In most of my reviews, I speak very highly about what all the Game Boy Advance can do. In all honesty, the system continues to surprise me more than any of the other next-gen consoles that are out on the market today. But, occasionally, a couple of bad games make it through and are released on the GBA. Unfortunately, that game is R-TYPE III: THE THIRD LIGHTNING, one of the best Super Nintendo shooters ever released.
You would think that, as long as the Game Boy Advance has been out, it would be really easy to port classic SNES games onto it. I mean, there are too many games to list that are good ports of games that we've all played on the Super Nintendo. But somehow, somewhere, R-TYPE III went awry.
The main difference between shooters like R-TYPE and GRADIUS is that, in R-TYPE, enemy ships aren't the only things that can kill you. Within each stage are tunnels, mazes and traps you must get through to reach the next level. Some of these are simple enough, requiring you to just basically follow the path, but others require a little more thought, like with a rotating background or weaponry from the level firing at you. The enemy ships, unlike in GRADIUS, serve mainly as distractions for the upcoming mazes (not to say that they can't kill you).
Within these mazes and such, you'll have to squeeze through some very tight spots or maneuver around enemies of other random things scattered throughout the level. Herein lies the first problem: in the original version of R-TYPE III for the SNES, the game had pretty good collision detection. Unfortunately, a lot of that was lost in the port. There will be many of times where you could bet your life that you didn't run into that wall or enemy ship, and nine times out of ten you will be correct. During some stages during the game, you are able to be killed by things that aren't even on screen. While it doesn't make R-TYPE unplayable, it definitely kills your mood to play.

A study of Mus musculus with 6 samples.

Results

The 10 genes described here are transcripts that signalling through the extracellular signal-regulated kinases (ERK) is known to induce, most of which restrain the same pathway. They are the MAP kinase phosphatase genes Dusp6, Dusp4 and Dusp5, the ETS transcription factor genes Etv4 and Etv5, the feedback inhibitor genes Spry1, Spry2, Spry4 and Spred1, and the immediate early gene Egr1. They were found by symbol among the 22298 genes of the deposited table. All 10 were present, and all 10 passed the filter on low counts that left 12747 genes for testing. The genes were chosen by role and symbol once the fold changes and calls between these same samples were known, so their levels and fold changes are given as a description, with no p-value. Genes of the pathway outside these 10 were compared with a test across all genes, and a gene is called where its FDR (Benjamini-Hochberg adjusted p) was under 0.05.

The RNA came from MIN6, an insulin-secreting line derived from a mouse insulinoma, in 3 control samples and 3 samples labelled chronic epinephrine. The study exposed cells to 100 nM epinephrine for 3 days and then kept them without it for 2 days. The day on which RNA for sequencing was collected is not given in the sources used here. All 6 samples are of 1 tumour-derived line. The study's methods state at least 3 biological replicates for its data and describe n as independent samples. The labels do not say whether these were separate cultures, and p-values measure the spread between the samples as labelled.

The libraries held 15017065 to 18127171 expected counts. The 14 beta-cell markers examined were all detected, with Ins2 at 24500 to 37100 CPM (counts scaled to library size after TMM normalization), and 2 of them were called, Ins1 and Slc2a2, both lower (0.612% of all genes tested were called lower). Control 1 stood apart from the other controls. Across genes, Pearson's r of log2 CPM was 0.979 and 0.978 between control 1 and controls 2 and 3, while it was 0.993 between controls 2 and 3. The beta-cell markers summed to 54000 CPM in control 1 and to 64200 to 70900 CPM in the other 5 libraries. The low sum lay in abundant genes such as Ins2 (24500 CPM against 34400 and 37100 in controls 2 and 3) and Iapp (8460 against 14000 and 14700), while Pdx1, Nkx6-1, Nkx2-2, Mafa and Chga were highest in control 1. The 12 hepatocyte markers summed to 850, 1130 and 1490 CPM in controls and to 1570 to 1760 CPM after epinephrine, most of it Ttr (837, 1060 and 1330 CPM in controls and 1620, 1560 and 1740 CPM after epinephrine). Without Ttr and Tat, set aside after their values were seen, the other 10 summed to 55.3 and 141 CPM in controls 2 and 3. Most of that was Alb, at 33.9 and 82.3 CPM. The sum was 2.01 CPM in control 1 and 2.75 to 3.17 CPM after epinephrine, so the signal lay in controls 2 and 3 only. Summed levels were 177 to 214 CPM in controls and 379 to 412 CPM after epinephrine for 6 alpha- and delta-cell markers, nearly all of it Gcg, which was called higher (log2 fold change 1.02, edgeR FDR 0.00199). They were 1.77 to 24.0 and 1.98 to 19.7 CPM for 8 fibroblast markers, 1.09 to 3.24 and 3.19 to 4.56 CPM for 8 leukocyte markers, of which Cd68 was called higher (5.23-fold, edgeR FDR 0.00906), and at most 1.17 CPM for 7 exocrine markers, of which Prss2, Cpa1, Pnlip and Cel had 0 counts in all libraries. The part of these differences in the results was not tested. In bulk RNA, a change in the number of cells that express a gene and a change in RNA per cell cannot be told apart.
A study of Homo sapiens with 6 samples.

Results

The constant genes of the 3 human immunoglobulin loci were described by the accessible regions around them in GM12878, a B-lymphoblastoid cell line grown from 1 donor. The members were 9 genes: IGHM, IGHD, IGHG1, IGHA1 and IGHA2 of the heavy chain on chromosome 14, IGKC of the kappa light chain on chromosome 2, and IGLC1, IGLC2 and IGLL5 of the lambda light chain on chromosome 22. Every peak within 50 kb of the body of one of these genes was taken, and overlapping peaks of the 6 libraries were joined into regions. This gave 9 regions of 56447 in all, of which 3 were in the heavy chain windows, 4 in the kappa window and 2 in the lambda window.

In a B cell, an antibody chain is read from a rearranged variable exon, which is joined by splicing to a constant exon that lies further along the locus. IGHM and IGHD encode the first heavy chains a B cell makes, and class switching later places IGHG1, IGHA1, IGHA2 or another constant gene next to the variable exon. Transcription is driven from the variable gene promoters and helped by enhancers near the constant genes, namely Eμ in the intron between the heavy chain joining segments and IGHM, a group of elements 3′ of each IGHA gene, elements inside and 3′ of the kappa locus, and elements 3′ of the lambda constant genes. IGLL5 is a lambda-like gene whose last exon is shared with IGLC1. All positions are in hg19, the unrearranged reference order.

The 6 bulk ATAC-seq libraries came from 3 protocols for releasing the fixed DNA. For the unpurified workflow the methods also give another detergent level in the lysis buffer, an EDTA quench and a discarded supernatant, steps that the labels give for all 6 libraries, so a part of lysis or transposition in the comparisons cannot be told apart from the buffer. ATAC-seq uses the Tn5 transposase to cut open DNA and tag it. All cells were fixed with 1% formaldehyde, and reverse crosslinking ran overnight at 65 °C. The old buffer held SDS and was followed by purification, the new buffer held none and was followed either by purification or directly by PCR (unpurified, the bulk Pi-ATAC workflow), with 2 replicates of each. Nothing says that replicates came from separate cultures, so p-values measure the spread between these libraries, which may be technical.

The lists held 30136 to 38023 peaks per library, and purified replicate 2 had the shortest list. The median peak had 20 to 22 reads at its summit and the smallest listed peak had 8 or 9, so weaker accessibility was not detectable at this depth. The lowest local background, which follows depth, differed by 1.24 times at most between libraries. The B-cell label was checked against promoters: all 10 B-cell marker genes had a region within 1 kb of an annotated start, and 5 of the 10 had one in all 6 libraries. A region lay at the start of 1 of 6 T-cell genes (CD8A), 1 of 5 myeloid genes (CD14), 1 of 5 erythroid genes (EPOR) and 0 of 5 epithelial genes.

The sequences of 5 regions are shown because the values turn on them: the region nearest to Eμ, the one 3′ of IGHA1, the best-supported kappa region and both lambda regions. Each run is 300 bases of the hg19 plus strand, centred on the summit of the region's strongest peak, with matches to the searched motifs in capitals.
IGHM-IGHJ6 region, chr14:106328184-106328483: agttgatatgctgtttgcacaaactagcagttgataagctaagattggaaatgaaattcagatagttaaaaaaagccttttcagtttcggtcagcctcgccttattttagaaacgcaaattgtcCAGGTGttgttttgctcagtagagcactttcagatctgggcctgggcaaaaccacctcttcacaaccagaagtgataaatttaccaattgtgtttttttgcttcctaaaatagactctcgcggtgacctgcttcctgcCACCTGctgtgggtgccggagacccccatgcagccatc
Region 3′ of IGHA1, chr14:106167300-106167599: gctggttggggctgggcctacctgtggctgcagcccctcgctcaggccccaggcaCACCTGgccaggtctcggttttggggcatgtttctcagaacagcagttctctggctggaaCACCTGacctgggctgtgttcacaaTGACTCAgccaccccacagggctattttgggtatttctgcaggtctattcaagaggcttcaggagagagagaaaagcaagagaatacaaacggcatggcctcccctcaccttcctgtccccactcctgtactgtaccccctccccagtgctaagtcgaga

There is also a Force Device that you can attach to your ship, which functions as a variety of different things. It has different uses for the weaponry in the game, but it also serves as a shield which can normally deflect stray bullets or debris. It is also used to attack enemies that are ahead of you, clearing the way before you get there. Problem is, its use has a few problems. In the SNES version, the device would return to you as very quickly after dispatching the enemy or enemies. Now, it comes back very slowly, leaving you a tad more vulnerable. Also, the device will also go where the enemies aren't, thus ruining one of its main features.
R-TYPE III does look pretty nice, which is good to see that it at least looks like its SNES counterpart. Unfortunately, somehow the sound got completely butchered along the way to this cart. The cool rock tracks have been replaced by these nice, high pitched screeching noises. This is definitely a game to turn the volume down on. And where the heck did the two-player mode go?
As good of a game as R-TYPE III was, it's a shame about how this port turned out. It really feels rushed, as many of the bugs in the game should have been stamped out pretty early on in development.